I want to know what's the different between the ownership usage:

"He's her mother's son"

"He is the son of her mother"

What's the difference between using "'s " and "of"?

Also, because I don't know exactly how this should be called I call it ownership. But what's its proper name?

Another example is:

"Dragon's Year"

"Year of the Dragon"

What's the difference?


    
@Amumu If you're modifying your question, could you please edit so we know what you're still having trouble with? –  simchona Aug 21 '11 at 12:00
    
What a bizarre example pair of sentences OP's first two are! Obviously "he" must be "her" brother, so that would normally be how one would define the relationship. The only context where either of these statements would be made is if they're half-siblings, and someone asked which parent they have in common. But it's still a weird way of putting it. –  FumbleFingers Aug 21 '11 at 13:01
1  
But consider He is his mother's son. This has its own meaning: that we emphasize that he is like his mother. –  GEdgar Aug 21 '11 at 13:46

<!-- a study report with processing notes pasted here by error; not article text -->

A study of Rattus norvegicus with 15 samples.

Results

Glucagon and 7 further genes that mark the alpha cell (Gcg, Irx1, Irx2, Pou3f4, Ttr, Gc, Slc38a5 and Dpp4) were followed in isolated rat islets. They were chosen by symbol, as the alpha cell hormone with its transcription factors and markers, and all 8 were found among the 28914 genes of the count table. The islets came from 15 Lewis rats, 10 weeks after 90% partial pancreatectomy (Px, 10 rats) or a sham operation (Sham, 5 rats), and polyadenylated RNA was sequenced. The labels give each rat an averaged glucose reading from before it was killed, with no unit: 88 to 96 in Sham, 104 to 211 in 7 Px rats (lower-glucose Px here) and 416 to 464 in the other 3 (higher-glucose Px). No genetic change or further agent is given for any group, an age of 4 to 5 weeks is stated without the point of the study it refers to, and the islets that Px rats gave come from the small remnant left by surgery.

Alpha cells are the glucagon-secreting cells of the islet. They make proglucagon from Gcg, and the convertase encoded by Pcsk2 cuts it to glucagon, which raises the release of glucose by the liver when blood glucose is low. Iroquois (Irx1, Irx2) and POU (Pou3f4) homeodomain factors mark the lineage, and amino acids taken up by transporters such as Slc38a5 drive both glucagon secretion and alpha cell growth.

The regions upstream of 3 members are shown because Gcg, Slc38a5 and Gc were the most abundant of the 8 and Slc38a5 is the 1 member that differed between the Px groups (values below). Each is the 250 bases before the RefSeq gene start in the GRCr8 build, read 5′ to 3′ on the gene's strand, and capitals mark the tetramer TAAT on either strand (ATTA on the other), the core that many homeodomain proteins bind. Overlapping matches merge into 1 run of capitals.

2 Answers 2

up vote 3 down vote accepted

Also, because I don't know exactly how this should be called? I call it ownership. But what's its proper name?

Formally these are both genitive case (or possessive case), and indicate ownership.

"Dragon's Year" - this is sometimes called the Saxon genitive.

"Year of the Dragon" - this is a noun phrase with "of the Dragon" as a complement in the form of a prepositional phrase.

    
according to Wikipedia "year of the Dragon" is a noun phrase with "of the Dragon" as a complement in the form of a prepositional phrase –  Theta30 Aug 23 '11 at 21:11
    
Now edited with your suggestion. –  Hugo Aug 25 '11 at 19:44

This subject seems a little bit complicated--one of the important reasons is that it has lots of exceptions.

The general rule is to use 's for people, like Jim's sister/Jim's book and of is for any objects, like the leg of the table, the food of my cat.

Today, it is different. We do not say the master of the school. It became the schoolmaster, while we still use king of Rome which never changed.

In formal English, at exams, you should still be careful about this rule. By the way, we can say or use this: a CD of Beyonce and a CD of Beyonce's. It seems the same but it is different: the first CD has Beyonce songs. The last CD belongs to Beyonce and it can be any CD in her archive. It should be better to learn it as a phrase.